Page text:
Cyclone Science Innovators make their mark on campus

The 2023 CySI cohort
The 2023 CySI team consisted of nine students from across across the Colleges of Agriculture and Life Sciences, Human Sciences and Design, working together to solve problems impacting Iowa State's campus.

by Madelyn Ostendorf

The Cyclone Science Innovators, otherwise known as CySI for short, is a group of multi-disciplinary students working to hone their innovation skills and make life on campus a little brighter.

Last semester, the students identified problems impacting the Iowa State University and Ames communities and engineered ways to help solve these issues.

The inaugural CySI team was comprised of nine students from across the Colleges of Agriculture and Life Sciences, Human Sciences and Design. The team included:

  • Alex Bray, senior in microbiology 
  • Catarina Bittencourt, junior in genetics 
  • Brenna Hartse, senior in industrial technology 
  • Cooper Hess, senior in biology
  • Bjorn Iverson, senior in graphic design 
  • Ashtyn Jolly, senior in animal science 
  • Callan Randall, senior in food science 
  • Alyssa Rodriguez, senior in human development and family studies 
  • Travis Schake, senior in dietetics

"I really wanted to get more involved in innovation because it's something that I'm passionate about," Rodriguez said. "I wanted to make a difference and be a part of something bigger than just me."

Claudia Lemper-Manahl, associate teacher professor in plant pathology, entomology and microbiology, recruited and mentored the students as they selected and planned projects they were passionate about. Funding for the CySI group came from Lemper-Manahl’s participation in the Innovation and Entrepreneurship Faculty Fellows Program sponsored by the College of Agriculture and Life Sciences and Start Something CALS.

CySI was not just an extracurricular activity but a credited class where the students met twice a week, for two hours at least, to ensure their selected projects were completed on time and to see where they could support each other.

After hosting an open forum in January where students could come and talk about issues they thought were important, the team sat down and strategized about which ones they could realistically impact with their time and resources. They developed not one project but three: a free cookbook, a garden at the Student Innovation Center and an educational advertising campaign to help remind students about healthy living.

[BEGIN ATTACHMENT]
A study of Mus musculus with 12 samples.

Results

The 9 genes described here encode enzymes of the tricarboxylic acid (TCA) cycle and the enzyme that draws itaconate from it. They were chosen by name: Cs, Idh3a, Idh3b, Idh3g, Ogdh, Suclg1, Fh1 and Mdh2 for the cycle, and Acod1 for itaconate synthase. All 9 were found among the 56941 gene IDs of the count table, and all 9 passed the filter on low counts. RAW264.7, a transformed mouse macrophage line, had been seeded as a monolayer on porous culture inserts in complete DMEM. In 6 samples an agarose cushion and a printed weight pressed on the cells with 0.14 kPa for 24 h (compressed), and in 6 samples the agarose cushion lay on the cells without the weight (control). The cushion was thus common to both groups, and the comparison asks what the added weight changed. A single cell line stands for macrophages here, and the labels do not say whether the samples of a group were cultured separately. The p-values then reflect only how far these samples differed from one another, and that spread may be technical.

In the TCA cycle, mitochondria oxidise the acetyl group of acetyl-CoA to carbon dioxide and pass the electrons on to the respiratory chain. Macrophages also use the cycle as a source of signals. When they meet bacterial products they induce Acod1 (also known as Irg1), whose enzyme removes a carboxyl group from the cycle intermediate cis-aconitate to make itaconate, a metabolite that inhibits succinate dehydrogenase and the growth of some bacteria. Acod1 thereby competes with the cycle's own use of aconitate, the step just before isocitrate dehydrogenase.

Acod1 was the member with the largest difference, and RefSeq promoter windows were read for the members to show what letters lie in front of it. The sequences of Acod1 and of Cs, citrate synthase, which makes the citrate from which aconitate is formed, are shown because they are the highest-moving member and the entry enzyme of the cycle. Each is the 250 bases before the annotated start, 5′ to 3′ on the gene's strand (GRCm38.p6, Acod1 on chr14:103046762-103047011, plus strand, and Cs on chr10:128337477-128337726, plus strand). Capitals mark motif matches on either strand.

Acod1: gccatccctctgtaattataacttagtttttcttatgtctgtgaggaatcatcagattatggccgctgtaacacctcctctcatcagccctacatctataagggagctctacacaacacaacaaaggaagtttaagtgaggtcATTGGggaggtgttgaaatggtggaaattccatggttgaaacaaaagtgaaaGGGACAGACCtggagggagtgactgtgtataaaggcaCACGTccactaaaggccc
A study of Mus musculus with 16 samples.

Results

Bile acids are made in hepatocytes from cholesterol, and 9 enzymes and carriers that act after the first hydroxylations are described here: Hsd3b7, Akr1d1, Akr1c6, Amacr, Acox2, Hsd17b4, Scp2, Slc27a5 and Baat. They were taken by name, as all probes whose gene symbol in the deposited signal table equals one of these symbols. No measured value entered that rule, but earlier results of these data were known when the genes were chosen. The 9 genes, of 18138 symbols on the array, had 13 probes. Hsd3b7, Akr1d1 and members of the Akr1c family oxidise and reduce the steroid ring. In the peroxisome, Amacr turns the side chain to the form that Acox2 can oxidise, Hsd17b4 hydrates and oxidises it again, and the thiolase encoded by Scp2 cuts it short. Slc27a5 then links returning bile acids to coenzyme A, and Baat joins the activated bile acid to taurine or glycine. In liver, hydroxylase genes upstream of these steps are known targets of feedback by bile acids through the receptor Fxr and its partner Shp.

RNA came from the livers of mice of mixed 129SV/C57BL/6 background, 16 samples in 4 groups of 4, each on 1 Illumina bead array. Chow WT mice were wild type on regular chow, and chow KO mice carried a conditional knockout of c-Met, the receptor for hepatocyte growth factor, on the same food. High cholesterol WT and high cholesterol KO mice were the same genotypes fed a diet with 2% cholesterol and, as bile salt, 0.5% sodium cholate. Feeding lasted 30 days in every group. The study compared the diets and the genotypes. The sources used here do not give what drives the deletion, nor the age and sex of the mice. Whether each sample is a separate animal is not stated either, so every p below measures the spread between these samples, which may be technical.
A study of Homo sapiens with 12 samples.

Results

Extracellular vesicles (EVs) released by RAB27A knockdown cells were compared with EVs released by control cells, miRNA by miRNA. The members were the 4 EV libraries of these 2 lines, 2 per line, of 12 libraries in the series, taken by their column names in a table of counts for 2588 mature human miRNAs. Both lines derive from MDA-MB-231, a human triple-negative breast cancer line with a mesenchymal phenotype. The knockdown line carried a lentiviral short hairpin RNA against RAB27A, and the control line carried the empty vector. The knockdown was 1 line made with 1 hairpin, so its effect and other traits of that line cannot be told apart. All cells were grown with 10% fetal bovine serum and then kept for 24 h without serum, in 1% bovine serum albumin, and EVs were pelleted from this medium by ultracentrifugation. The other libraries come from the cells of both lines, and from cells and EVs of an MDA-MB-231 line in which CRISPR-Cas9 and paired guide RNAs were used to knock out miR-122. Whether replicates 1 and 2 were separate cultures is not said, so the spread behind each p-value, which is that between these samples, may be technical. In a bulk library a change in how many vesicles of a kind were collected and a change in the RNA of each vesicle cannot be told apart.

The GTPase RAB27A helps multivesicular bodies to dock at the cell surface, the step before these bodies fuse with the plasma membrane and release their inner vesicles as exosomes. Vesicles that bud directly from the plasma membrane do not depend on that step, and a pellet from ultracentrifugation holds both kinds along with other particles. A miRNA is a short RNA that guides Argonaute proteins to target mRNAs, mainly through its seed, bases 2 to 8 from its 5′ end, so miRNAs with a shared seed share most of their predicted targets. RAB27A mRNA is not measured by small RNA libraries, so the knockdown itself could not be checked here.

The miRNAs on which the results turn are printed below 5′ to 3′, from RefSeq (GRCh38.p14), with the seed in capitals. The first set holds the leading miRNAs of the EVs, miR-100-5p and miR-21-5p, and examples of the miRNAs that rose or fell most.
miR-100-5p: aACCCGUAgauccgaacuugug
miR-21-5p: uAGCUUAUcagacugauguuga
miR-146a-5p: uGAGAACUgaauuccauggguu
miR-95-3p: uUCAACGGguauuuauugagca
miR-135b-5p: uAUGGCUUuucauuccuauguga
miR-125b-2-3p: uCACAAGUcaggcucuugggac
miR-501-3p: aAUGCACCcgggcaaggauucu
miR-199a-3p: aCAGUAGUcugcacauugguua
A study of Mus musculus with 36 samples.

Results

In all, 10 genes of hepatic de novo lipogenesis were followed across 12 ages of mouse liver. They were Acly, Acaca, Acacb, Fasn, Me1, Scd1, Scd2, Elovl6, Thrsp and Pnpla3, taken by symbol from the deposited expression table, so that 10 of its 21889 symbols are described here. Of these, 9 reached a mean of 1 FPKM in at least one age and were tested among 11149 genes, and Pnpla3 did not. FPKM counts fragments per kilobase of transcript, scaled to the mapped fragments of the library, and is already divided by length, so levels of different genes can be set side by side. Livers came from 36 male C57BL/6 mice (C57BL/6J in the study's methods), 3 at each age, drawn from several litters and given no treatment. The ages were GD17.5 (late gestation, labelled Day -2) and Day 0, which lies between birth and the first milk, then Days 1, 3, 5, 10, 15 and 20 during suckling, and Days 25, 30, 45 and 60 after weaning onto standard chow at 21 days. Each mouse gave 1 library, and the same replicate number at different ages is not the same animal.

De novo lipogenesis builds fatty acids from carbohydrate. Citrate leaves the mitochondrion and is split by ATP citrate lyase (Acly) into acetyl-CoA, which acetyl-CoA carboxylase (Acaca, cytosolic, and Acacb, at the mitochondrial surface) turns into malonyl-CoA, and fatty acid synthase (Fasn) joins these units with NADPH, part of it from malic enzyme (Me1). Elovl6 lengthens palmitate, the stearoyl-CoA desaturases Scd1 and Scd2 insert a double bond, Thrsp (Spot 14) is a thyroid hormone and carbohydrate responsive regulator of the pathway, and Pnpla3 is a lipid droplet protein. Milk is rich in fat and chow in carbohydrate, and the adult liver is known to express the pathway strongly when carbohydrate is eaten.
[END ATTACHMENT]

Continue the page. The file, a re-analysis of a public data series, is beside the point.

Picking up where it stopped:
"We've spent a lot of time, whether it's with our garden project, planting and coordinating plants, or formatting the cookbook and working with those students who want to get them to come look," Bray said. "There's a lot of different additional things that go on behind the scenes regarding outreach and physical labor."

The idea for the cookbook was born from the students' desire to have a collection of homecooked, budget-friendly meals. The recipes in the cookbook cater to both national and international students, include health information and can be made from food found at Iowa State University's food pantry, SHOP.

Another of their undertakings, the One Health Garden, required coordination between the CySI team, the Student Innovation Center and the Department of Horticulture to complete.

The garden sits on one of the Student Innovation Center's rooftop patios, serving as a place for students to sit and take a breath between classes and study sections and a resting place for Iowa State's local pollinators.  

Travis Schake planting the ONEHealth Garden on the roof of the Student Innovation Center.
Travis Schake, senior in dietetics, plants the new One Health Garden on the roof of the Student Innovation Center for students to relax in. (Photo courtesy of the Student Innovation Center)

"The Student Innovation Center is all about hands-on learning and collaboration, which is exactly what the CySI program and One Health Garden are doing," said Danielle Orris, media production manager for the Student Innovation Center. "The Center is full of unique learning opportunities and spaces. The addition of the One Health Garden helps to beautify the third-floor terrace and provides a unique space for students to learn about pollination and the environment."

The team also assembled posters reminding students of the importance of physical, emotional and mental health, tying into their theme of living better. The posters were displayed in rooms across the Student Innovation Center.

"We started looking into the idea of One Health," Iverson said. "That's a concept of the health of the general public and animals and then the interaction between the two from a mental health and physical angle. All of our ideas were put together to be part of the system of better wellness."

The team plans to continue innovating together this fall semester and hopes to expand its CySI lineup.

“Our original team is going to participate in the EXCITE showcase on August 31, so come check us out,” Lemper-Manahl said. “It will be great to get them together again.”